How a small business halved its energy consumption
An hour and a half’s drive east of Albury, nestled between Mount Kosciuszko and Burrowa Pine Mountain National Park at the base of the Australian Alps Upper Murray River, lies the Victorian town of Corryong – The Man From Snowy River country.
At the 2016 census, the town was home to just over 1300 people. And one of the biggest employers in the town, providing work to more than 30 people, is the independently owned and operated IGA supermarket.
Supermarkets are heavy energy consumers. Regardless of whether they’re open for business, they need power 24 hours a day, seven days a week to keep the produce fresh and the store secure.
The business realities of a remote location
The 700 square metre Corryong IGA store – being in a relatively remote location – has additional challenges, including managing energy usage at times when the town is using more power than usual.
“At around 4.00pm, the milking starts [at the farms in the area] and, on a very hot day, the lights begin to flicker,” laughs director Robyn McGowan.
Reliability is critical and, in a bid to improve it alongside energy-consuming dairy farms on hot days, McGowan had a 110kva generator installed, along with a 29.76kw solar system with 93 panels on the roof.
Surprising energy consumers
Four years ago, taking up a government incentive, the store upped the ante again, calling in an energy auditor to assess the store’s energy usage and make recommendations on how to reduce it.
The primary users of energy in the store were the usual suspects: an ageing hot water system; the cool rooms and fridges for meat, dairy, deli and liquor; lighting; and the plant room that controls it all.
The audit, however, drilled deeper, revealing that more than 50% of the store’s energy was being used by the doors of the freezers and fixed liquor refrigerators, which had electrically heated frames to prevent condensation building up.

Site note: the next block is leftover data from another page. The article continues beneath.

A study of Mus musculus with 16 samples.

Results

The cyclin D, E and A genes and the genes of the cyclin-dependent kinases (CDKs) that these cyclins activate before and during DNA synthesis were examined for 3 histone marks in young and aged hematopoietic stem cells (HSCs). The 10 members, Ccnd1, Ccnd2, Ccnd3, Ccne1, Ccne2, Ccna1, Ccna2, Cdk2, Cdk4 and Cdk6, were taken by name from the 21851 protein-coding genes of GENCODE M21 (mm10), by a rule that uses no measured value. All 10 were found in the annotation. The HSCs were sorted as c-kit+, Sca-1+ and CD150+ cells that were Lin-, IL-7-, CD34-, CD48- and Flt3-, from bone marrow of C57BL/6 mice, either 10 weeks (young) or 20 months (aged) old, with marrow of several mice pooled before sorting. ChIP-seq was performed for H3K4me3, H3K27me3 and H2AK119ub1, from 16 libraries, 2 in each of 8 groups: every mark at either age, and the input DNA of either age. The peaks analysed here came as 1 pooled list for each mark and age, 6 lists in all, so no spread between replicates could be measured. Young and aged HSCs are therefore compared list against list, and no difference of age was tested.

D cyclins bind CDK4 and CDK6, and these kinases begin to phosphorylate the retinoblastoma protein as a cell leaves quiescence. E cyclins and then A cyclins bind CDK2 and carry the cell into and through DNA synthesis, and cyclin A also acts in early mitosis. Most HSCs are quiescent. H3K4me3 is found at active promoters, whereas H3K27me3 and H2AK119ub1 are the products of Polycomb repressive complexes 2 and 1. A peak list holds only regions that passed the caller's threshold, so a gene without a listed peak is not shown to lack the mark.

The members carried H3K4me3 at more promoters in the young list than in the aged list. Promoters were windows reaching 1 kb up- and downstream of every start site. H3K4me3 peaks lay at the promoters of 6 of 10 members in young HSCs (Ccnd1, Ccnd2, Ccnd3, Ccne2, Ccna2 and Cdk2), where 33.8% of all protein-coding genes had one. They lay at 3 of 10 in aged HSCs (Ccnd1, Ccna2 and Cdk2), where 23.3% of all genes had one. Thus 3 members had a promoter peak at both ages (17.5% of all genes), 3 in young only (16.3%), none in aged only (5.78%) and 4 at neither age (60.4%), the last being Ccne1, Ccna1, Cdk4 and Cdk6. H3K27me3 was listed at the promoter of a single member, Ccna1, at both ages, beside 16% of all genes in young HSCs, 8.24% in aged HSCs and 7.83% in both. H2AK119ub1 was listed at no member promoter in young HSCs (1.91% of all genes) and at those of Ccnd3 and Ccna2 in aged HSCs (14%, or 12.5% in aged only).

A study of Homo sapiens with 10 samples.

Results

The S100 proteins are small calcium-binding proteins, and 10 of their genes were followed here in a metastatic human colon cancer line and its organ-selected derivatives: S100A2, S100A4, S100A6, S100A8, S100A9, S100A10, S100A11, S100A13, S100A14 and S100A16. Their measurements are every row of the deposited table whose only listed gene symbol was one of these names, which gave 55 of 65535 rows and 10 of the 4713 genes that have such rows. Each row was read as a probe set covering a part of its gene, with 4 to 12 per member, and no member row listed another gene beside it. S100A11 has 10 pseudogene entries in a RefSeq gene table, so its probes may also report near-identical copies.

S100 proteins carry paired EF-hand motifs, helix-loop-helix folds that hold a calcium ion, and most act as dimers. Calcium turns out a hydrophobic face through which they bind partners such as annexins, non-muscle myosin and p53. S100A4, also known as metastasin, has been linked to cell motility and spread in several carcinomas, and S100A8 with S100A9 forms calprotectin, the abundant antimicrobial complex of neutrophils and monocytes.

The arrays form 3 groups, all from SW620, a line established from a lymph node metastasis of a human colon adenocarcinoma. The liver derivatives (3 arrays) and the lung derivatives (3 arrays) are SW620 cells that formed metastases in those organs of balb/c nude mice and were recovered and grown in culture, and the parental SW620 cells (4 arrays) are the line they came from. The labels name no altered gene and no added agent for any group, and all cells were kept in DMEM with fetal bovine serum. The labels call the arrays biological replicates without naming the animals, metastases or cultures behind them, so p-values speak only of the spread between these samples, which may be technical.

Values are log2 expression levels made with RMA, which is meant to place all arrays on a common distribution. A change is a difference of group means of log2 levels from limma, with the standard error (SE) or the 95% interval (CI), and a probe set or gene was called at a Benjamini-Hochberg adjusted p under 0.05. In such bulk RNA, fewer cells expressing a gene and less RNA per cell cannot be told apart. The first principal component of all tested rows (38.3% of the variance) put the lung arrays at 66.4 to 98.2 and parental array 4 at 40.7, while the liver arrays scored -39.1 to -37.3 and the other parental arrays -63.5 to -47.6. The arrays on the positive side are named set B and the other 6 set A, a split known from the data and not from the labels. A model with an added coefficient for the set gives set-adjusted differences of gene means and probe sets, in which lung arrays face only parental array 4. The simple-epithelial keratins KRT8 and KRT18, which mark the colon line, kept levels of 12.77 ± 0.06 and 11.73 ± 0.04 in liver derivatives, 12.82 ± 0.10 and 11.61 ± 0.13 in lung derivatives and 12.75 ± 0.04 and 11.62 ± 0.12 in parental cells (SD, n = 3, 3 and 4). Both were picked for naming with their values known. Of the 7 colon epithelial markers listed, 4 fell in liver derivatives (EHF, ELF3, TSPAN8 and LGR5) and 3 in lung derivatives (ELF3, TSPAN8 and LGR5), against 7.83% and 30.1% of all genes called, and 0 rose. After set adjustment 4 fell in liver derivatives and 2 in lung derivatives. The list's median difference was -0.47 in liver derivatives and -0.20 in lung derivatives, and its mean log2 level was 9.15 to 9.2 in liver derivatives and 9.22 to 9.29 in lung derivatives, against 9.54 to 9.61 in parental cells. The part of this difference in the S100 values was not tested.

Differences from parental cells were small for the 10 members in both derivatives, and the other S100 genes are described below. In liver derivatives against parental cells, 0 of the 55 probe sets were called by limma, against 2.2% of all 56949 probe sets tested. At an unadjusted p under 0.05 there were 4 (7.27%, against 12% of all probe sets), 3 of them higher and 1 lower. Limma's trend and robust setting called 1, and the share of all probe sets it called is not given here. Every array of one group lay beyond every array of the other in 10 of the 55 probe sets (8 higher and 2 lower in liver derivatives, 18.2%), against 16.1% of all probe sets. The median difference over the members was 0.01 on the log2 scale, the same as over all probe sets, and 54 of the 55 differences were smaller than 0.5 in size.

The solution to this was to install new heat seals on the doors, linked to a timer sensor that’s triggered by falling temperature to ensure condensation doesn’t build up – 50% more energy efficient than the previous system.
Around 200 double fluoro tubes were replaced by more efficient LEDs, while two hot water systems – a 315-litre electric storage unit and a small under-bench electric unit – were replaced by a heat-pump hot water system.
The meat and deli cases, too, were replaced with more efficient units.
“It was really interesting,” says McGowan. “We’d never have thought about the heat seals and the hot water system being big energy consumers – it would never have crossed our minds.”
With the changes, the energy that was being saved could be used for air-conditioning during summer to keep the store nice and cool, and warming things up a little during winter.
As a key service provider and a key employer in the town, the business must keep looking at ways to run more economically and efficiently.
Further energy savings may be possible by upgrading more equipment. “It’s the only logical step,” says McGowan. “However, there’s the outlay-to-benefit ratio to factor in.”
Overall, there’s a limit to what a small, independent store in rented premises can do – the steps Cooyong IGA has taken represent massive leaps in energy efficiency.
For Cooyong IGA and many small businesses, cash flow is affected not just by energy consumption and costs, but by payment terms – longer payment terms can help a business manage cash flow in quieter periods in particular.